Rep. Phil Lyman, R-Blanding, says he was “offended” when then-President Barack Obama designated Bears Ears National Monument in a “king-like fashion” in 2016. And though he was glad to see former President Donald Trump later reduce its size, he would still like to see the monument rescinded altogether.
Rep. Doug Owens, D-Millcreek, on the other hand, “strongly supports” the restoration of Bears Ears National Monument to its original boundaries — something that appears increasingly likely under now-President Joe Biden.
“Clearly,” Owens said Monday, “there’s going to be a lot that Rep. Lyman and I disagree on.”
But despite their differences, this “politically odd couple,” as Owens described them, came across the aisle Monday to unveil legislation they both agree on: a bill that would create a task force to explore the creation of a visitor center in the Bears Ears area.
Data from Utah State University’s Institute of Outdoor Recreation and Tourism shows that visitation has increased in the Bears Ears area by 72.7% in the three years following the monument’s creation, and both lawmakers feel there needs to be a facility “to help direct and educate” the increased numbers of tourists, Lyman said.
The bill has not been numbered and is not yet publicly available, but a copy shared with reporters on Monday shows it would create an eight-member committee with the purpose of studying and making recommendations to the state Legislature about the need for a visitor center at Bears Ears.
The committee would be tasked with exploring potential locations, purposes and sources of funding, as well as looking into whether a visitor center would increase visitation to the area and whether it could function “as a repository of traditional knowledge and practices.”
Owens said at a news conference Monday that the legislation would give control of decisions around the visitor center to the five Native American tribes listed in the bill: Navajo, Hopi, Zuni, Ute Mountain Ute and Ute. The group would be required to hold at least one public hearing on the issue and to make recommendations about the visitor center to the Legislature by no later than November.
The two lawmakers are in communication with those tribes, which Owens said are “studying it and considering it.”
“Our hope is that both political parties can come together on this project to work with the tribes, our state government and federal government to build a facility that’s a credit to the area, the tribes and to the whole state,” he said.
Lyman also added that the bill — which is neutral on the issue of whether Bears Ears should or should not be a monument — is “not an effort for the state Legislature to control the narrative on this” but is a “gesture on the part of the state Legislature to do what we can to support the tribes.”
Utah Diné Bikéyah Executive Director Woody Lee expressed support for the legislation in a news release, noting its bipartisan nature and the inclusion of tribal leadership as part of the effort.
“We look forward to working with legislators, Tribal leaders, and stakeholders on this important effort,” he said.
Josh Ewing, executive director of Friends of Cedar Mesa, which opened a Bears Ears Education Center in Bluff in 2017, said in an email Monday that he’s also supportive of conversations about ways to address visitor management issues in the area in a positive and collaborative way.
The group stepped in initially knowing that there likely wouldn’t be a dedicated government funded visitor center “for many years.” Today, Ewing said unmanaged visitor impacts remain “the number one threat to the cultural resources at Bears Ears” and there still aren’t even signs on the ground informing people they’ve entered the monument.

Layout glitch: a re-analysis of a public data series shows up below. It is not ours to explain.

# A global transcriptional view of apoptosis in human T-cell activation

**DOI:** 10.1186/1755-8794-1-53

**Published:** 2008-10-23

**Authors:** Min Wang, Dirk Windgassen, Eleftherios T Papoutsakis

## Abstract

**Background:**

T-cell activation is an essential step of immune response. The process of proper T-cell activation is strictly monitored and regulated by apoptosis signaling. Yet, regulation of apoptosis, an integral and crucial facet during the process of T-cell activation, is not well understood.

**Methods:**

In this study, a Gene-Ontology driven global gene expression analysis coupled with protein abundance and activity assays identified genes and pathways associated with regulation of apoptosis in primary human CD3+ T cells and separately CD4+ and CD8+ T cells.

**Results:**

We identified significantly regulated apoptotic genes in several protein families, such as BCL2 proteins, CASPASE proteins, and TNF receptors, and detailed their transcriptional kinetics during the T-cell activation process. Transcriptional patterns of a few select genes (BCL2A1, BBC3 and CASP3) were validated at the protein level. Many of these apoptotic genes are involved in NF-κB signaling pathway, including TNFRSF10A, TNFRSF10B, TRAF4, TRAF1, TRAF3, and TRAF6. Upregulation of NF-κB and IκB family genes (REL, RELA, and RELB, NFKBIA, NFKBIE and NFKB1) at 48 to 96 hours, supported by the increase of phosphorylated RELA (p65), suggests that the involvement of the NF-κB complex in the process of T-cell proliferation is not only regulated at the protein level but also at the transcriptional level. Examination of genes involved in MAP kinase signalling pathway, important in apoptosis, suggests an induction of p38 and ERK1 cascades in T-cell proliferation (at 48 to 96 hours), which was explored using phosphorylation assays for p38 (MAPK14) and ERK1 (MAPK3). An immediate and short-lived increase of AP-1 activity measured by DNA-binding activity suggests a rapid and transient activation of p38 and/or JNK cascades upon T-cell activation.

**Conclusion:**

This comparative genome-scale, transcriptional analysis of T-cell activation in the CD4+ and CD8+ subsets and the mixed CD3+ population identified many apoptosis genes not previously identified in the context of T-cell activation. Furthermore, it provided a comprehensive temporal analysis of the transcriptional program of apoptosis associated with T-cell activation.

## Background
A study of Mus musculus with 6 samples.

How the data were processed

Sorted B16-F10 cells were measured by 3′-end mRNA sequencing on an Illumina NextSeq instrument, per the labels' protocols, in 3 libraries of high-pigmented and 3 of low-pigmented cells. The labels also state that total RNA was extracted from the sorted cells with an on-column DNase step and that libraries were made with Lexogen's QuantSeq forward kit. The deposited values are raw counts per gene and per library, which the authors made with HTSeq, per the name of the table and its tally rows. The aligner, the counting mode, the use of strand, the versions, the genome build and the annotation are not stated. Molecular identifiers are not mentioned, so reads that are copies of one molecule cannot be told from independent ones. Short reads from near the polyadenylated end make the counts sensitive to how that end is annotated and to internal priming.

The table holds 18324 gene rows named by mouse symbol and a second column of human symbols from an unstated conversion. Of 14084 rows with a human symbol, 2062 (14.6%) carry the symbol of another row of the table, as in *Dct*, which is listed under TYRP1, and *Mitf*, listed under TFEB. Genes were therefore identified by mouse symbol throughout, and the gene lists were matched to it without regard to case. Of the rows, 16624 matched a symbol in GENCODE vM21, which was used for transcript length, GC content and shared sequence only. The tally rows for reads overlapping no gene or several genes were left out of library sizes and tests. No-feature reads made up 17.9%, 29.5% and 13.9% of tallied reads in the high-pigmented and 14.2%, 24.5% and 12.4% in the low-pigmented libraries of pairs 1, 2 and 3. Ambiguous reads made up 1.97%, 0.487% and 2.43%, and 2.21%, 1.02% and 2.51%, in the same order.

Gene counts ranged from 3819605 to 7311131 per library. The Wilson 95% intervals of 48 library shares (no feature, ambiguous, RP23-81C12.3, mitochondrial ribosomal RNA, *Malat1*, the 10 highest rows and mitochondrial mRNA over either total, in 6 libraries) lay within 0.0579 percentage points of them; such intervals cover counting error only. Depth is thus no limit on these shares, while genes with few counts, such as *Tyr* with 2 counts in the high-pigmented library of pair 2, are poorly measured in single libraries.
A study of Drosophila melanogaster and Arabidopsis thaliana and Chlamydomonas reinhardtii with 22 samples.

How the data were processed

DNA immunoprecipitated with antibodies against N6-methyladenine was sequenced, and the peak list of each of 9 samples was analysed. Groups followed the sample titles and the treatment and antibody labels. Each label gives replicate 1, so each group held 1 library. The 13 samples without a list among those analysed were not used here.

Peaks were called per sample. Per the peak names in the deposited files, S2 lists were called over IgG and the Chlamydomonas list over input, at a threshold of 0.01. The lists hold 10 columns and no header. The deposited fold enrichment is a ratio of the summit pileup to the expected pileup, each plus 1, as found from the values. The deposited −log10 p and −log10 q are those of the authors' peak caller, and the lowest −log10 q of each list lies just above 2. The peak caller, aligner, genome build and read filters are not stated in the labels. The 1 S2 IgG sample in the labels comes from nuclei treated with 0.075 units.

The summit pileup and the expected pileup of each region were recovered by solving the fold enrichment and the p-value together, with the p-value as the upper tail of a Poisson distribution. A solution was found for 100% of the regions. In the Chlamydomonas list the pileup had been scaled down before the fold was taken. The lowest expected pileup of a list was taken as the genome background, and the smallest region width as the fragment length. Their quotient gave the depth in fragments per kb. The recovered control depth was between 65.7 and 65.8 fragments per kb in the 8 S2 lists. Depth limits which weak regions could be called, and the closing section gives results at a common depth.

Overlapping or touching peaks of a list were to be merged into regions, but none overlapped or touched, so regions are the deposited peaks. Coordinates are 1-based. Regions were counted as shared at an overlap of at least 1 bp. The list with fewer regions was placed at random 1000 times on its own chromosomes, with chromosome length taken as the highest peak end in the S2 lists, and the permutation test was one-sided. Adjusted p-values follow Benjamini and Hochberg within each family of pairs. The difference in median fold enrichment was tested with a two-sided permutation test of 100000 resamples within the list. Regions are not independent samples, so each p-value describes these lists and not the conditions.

“So our Center will be a valuable and important resource for visitor education for a good while,” he said. “However, we’ve always seen our grassroots visitor center as a stopgap measure that ideally would give way to a Tribally-led effort with secure, ongoing funding. There’s also a big need for collaboration between Tribes, local governments, federal land managers, businesses and non-profits to have a unified comprehensive strategy for visitor management and education.”
He said Friends of Cedar Mesa appreciates that the task force would be centered around tribal leadership and hoped that the process would yield “a roadmap for collaboration going forward.”
The restoration of Bears Ears seems likely after Biden recently opened a 60-day review to look into Trump’s decision to shrink Bears Ears and Grand Staircase-Escalante national monuments by 2 million acres. As part of that executive order, he’s directed the Interior Secretary, a post likely to be filled by Rep. Deb Haaland of New Mexico, to submit findings and recommendations for moving forward.
The effort has the support of the Grand County and San Juan County Commissions, both of which have sent letters requesting restoration of the monuments in recent weeks, along with the Utah Navajo Commission.
But Utah’s entire all-Republican congressional delegation and state elected leaders were quick to oppose Biden’s order for a monument review after it was announced last month.
And not all local leaders are in support of it. Blanding and Monticello, San Juan’s two biggest towns, passed a joint resolution against reinstating the boundaries of Bears Ears in December. They say the monument was created without proper “local input and support” in 2016 and question that the majority of county residents support it, alleging that the commission’s resolution was “not authored locally but by entities outside San Juan County.”
While there are arguments about what would be best for the land moving forward, there is no disputing that the Antiquities Act empowers Biden to restore either monument, with or without the collaborative process Utah leaders have advocated for in recent weeks.